As a woman who has lived in Delhi for most of her life, and who has never owned or driven a car, the Delhi Metro was a life changing experience. For the first time it was possible to travel across the length and breadth of the city without having to worry about availability of auto-rickshaws or buses, to have a women’s compartment where one didn’t have to experience the indignity of the ogling and groping of DTC buses, to know that one could reach one’s destination in a time bound manner.
The Delhi Metro has become the lifeline of the city and lakhs of people depend upon it to reach their places of work and study. I’m sure that many of my fellow citizens of Delhi share my belief and experience of how the Metro changed their lives. Unfortunately, those who are making decisions about the Metro fares, themselves travel in air-conditioned, chauffeur-driven cars. And this maybe the reason why they do not realise the consequences of the 100% fare hike.
Providing safe and convenient public transport, is one of the prime responsibilities of any government. Not only is it essential to provide comfort to the citizens, but also to fuel economic growth and opportunity. Good public transport also reduces the number of vehicles on the road, leading to lower pollution, as well as less repair and maintenance of roads.
While public transport needs to be economically viable for the government, it is essential that government’s don’t forget that the core purpose of public transport is – for the public! And this is what needs to be kept in mind by the Delhi Metro as well.
Delhi Metro is seeing a second hike in fares, less than 6 months after a major fare hike took place in May 2017. The impact of the fare hike can be seen in the fall in the ridership of the Metro, with the number of passengers falling from 27 lakhs per day in June 2016 to 25 lakhs per day in June 2017. With one single fare hike two lakh citizens of Delhi were unable to afford travelling on the metro.
What is the going to happen if the fares are hiked once again in October? This would effectively double the metro fares.
We are told by the union Urban Development Minister that doubling the fares of the metro is essential to keep it financially viable and pay back the Japanese loan. This argument has several gaping holes in it. Firstly, if there was crisis of financial viability, why was there no revision of fares between 2009 and 2016?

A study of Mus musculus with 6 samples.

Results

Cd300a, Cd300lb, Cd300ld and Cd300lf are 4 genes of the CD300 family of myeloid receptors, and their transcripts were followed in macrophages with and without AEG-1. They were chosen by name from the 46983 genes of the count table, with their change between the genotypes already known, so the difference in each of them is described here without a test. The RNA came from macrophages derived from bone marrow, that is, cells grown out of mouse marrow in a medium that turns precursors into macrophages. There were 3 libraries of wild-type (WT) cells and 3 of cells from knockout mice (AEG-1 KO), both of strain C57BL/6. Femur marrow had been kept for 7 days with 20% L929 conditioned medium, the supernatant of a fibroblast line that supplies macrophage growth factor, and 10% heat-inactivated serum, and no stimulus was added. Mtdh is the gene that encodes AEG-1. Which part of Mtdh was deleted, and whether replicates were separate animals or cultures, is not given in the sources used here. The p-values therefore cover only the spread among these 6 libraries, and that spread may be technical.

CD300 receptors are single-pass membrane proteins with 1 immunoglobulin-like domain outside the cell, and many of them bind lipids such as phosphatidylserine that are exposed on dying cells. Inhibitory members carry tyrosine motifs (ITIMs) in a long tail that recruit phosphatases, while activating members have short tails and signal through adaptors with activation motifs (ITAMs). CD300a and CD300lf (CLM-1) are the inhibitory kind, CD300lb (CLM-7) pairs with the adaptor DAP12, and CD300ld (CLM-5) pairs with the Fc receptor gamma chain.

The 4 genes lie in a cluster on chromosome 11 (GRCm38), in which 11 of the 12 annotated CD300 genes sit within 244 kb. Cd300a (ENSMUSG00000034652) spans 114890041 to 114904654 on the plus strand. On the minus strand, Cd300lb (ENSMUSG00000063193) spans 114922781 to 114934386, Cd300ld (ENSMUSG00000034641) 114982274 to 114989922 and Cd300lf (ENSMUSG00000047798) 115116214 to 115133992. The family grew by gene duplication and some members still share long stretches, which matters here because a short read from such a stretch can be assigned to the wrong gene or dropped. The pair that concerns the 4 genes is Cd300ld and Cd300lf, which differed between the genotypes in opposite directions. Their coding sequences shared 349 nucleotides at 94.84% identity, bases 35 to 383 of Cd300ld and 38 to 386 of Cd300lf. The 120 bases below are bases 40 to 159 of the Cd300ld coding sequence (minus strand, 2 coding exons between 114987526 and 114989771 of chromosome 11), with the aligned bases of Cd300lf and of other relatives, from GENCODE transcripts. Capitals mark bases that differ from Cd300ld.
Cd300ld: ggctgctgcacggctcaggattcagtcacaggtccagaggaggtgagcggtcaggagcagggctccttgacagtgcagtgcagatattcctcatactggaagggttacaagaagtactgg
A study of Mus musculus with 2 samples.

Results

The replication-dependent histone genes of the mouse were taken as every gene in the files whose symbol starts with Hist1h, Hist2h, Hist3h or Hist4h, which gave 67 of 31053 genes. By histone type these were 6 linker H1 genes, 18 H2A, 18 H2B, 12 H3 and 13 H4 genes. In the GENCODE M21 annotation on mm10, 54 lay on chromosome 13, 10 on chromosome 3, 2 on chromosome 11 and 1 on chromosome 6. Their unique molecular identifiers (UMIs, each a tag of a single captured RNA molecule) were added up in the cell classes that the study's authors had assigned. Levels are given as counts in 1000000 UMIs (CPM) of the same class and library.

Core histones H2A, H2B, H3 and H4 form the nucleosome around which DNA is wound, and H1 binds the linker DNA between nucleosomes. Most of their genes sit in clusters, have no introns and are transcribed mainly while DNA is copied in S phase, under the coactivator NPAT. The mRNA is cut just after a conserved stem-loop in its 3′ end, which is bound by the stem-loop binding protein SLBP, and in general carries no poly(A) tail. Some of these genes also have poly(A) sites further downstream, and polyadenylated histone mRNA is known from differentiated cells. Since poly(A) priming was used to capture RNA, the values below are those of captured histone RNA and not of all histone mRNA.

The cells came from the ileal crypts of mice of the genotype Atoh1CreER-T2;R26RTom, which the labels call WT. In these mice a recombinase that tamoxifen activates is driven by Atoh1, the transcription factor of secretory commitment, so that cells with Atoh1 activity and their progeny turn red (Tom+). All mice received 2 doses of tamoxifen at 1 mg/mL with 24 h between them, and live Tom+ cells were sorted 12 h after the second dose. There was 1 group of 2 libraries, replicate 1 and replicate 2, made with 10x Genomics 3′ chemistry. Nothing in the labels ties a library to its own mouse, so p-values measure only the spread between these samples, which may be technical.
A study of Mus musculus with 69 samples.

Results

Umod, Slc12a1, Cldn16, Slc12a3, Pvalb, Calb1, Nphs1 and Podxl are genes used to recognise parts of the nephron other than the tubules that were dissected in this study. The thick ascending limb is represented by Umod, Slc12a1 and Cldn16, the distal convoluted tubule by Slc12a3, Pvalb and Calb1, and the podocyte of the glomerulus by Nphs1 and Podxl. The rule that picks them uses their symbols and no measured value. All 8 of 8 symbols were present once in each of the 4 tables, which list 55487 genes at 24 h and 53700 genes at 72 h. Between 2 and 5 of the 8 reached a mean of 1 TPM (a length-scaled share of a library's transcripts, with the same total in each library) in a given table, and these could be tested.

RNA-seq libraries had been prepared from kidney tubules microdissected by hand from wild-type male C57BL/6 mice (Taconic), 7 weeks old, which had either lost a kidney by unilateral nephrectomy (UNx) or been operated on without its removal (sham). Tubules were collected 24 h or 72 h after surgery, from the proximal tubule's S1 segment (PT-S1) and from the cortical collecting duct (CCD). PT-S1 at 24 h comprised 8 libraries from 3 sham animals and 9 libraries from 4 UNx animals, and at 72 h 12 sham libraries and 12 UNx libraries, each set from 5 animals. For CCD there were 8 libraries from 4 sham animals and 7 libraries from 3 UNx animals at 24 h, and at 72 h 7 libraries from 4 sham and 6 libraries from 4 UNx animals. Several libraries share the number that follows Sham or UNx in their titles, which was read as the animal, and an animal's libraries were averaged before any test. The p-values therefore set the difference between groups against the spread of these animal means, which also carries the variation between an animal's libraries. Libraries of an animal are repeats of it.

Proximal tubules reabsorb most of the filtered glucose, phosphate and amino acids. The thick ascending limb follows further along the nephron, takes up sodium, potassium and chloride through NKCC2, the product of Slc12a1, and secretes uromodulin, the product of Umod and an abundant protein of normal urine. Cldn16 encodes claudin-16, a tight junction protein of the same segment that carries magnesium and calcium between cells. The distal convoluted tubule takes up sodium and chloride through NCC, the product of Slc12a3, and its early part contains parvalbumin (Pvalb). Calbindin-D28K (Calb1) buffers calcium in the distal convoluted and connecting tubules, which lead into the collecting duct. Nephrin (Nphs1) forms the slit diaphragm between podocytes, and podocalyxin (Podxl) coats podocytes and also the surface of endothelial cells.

Not increasing fares for 7 years, and doubling fares in a single year has put immense pressure on commuters. The inability of those in power to create a financially viable model in this entire period effectively means that the entire burden has been shifted onto the shoulders of ordinary commuters.
Secondly, the recommendations of the Fare Revision Committee (FRC) were submitted in September 2016, with the recommendation that the fare hike should be staggered, with one hike in October 2016 and another in October 2017. For the recommendations to be accepted, they have to be placed before the DMRC Board.
But despite the Board meeting on two occasions (December 2016 and March 2017), the recommendations of the FRC were not placed before the Board. They were placed before the DMRC Board only on May 8, 2017 and the minutes of the meeting clearly state that it was not apprised of the recommendations before that.
If the fare hike was such an immediate and essential financial need, then why did it take 8 months to place the FRC recommendations before the Board? In fact, increasing the fare twice in one year is in violation of Section 37 of the Metro Act, which clearly states that the fare cannot be increased more than once a year.
Thirdly and finally, any fare hike assumes that the ridership will remain constant and therefore the increase in fares will increase the revenue. The first fare hike has shown that daily ridership has fallen by 2 lakhs. With the second hike in fares, it can be safely assumed that ridership will see another substantial hit. For many passengers, it will become more financially viable to take a shared Uber or Ola cab, than to take the metro and pay for last mile transport. This also has implications for the city in terms of greater pollution, as well as costs of road repairs and maintenance.
There is a need to fundamentally rethink the financial model of the Delhi Metro – a task neglected by successive governments. Lessons can be taken from cities like Bogota, Singapore and Hong Kong, who have developed their own unique models for financial sustainability of their metros, while ensuring that the commuters – and especially those coming from weakest economic strata who travel the longest distances – do not end of up bearing the greatest cost of public transport.
Delhi chief minister Arvind Kejriwal has offered to foot 50% of the financial losses faced by the Metro, if the Centre foots the bill for the remaining half. He has even offered to take over and run DMRC so that it can be run efficiently without hiking fares. It remains to be seen whether the Central Government will accept this offer or whether it will brazenly increase fares with little concern for lakhs of commuters?